Feeds

McDonald's breach bares nuggets of customer data

Oh burger

Using blade systems to cut costs and sharpen efficiencies

An unknown number of personal details about McDonald's customers was exposed after hackers broke into the database of a partner of the burger giant.

Miscreants may have made off with email, contact information and birthdates as a result of the breach.

Fans of the fast food franchise supplied the information when they signed up for online promotions or newsletter subscriptions. Financial information or Social Security numbers wasn't requested during these requests and not stored on the compromised database, maintained by a third-party supplier.

The data was held by an unmanned email database management firm hired by Arc Worldwide, a McDonald's business partner. McDonald's failed to reveal the number of records involved or the timing of the the breach, only saying it was working with its business partners and law enforcement to clean up the resulting mess.

Paul Vlissidis, technical director at NGS Secure (the security testing division of NCC Group), said the breach showed that third-party suppliers can be the weak leak in information security.

"Nowadays, third party suppliers often have access to company networks – sometimes to quite a high level," Vlissidis said. "It’s an old adage that security is only as good as the weakest link, and in cases like this the supply chain may be that weak spot.

"We advise all our customers to ensure that all their third party suppliers undergo rigorous and regular security testing before they are allowed to access the customer’s network or even handle their customer data." ®

The smart choice: opportunity from uncertainty

More from The Register

next story
NEW, SINISTER web tracking tech fingerprints your computer by making it draw
Have you been on YouPorn lately, perhaps? White House website?
HIDDEN packet sniffer spy tech in MILLIONS of iPhones, iPads – expert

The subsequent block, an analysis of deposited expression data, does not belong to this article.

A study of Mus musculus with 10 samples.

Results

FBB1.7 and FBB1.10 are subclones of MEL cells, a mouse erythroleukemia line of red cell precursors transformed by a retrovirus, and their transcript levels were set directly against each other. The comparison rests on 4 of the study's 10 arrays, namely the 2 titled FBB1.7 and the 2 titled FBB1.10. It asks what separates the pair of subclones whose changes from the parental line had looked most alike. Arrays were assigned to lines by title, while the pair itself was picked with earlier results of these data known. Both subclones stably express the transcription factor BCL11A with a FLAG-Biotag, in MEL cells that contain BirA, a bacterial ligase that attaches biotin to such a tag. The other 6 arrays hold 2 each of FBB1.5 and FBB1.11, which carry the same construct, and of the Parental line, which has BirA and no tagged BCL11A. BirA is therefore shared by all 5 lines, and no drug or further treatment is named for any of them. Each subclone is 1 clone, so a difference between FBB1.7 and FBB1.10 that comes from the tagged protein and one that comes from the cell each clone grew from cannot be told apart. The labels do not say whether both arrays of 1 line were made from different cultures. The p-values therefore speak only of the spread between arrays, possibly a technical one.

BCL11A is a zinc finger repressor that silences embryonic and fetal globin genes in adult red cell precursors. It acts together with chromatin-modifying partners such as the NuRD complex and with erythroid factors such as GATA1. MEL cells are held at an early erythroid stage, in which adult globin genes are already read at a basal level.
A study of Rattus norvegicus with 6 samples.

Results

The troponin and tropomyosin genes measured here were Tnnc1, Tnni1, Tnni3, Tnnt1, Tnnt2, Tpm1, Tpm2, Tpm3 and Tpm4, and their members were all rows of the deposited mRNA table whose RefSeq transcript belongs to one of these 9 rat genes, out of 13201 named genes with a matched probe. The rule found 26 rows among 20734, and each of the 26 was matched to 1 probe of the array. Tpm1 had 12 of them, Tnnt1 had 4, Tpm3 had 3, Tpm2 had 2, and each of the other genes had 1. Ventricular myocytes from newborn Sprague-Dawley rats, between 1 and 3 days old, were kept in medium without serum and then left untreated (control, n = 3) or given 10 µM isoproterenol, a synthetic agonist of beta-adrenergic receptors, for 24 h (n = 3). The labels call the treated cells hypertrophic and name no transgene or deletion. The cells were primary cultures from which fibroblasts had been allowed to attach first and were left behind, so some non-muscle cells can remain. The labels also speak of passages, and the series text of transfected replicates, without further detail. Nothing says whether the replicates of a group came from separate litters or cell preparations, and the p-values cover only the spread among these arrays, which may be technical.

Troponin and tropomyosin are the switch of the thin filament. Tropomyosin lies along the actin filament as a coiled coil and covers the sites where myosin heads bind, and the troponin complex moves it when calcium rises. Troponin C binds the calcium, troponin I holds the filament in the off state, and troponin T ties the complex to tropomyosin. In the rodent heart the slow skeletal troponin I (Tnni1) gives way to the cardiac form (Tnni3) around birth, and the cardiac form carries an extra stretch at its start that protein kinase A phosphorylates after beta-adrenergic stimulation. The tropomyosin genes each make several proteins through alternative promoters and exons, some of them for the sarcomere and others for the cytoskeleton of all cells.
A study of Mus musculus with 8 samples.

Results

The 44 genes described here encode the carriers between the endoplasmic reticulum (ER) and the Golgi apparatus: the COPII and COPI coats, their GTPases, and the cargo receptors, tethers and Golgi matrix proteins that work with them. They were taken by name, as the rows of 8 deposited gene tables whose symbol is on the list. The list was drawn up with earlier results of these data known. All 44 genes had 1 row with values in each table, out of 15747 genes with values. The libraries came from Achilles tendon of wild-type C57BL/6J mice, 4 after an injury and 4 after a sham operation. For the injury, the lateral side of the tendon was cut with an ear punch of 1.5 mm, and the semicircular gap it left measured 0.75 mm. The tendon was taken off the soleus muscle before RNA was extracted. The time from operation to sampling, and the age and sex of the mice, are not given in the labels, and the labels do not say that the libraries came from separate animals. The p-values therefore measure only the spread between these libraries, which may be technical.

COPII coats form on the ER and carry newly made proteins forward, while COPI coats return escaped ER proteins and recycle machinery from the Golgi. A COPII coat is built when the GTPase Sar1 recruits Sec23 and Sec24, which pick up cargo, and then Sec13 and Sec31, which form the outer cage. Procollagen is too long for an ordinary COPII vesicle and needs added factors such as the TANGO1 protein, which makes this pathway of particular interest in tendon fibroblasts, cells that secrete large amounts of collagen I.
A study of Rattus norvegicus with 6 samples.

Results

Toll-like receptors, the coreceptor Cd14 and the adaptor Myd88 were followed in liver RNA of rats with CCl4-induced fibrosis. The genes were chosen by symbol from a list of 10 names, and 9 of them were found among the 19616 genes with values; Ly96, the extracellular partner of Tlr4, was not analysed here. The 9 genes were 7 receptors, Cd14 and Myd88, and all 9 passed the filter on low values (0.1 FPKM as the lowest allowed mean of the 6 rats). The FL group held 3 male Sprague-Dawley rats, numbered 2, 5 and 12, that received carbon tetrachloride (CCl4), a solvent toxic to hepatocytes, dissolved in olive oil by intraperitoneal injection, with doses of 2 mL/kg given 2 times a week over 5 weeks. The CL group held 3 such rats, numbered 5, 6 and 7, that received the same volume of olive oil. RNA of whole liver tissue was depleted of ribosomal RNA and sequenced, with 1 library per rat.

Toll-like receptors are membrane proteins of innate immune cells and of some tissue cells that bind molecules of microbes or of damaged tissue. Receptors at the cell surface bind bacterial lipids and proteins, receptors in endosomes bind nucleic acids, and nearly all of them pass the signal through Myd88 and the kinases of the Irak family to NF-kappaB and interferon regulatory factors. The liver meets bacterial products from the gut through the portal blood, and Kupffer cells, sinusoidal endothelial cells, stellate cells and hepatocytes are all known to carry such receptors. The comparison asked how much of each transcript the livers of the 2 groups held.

Don't panic though – Apple's backdoor is not wide open to all, guru tells us
LibreSSL RNG bug fix: What's all the forking fuss about, ask devs
Blow to bit-spitter 'tis but a flesh wound, claim team
Black Hat anti-Tor talk smashed by lawyers' wrecking ball
Unmasking hidden users is too hot for Carnegie-Mellon
Manic malware Mayhem spreads through Linux, FreeBSD web servers
And how Google could cripple infection rate in a second
Don't look, Snowden: Security biz chases Tails with zero-day flaws alert
Exodus vows not to sell secrets of whistleblower's favorite OS
Own a Cisco modem or wireless gateway? It might be owned by someone else, too
Remote code exec in HTTP server hands kit to bad guys
prev story

Whitepapers

Seven Steps to Software Security
Seven practical steps you can begin to take today to secure your applications and prevent the damages a successful cyber-attack can cause.
Consolidation: The Foundation for IT Business Transformation
In this whitepaper learn how effective consolidation of IT and business resources can enable multiple, meaningful business benefits.
Designing a Defense for Mobile Applications
Learn about the various considerations for defending mobile applications - from the application architecture itself to the myriad testing technologies.
Build a business case: developing custom apps
Learn how to maximize the value of custom applications by accelerating and simplifying their development.
Consolidation: the foundation for IT and business transformation
In this whitepaper learn how effective consolidation of IT and business resources can enable multiple, meaningful business benefits.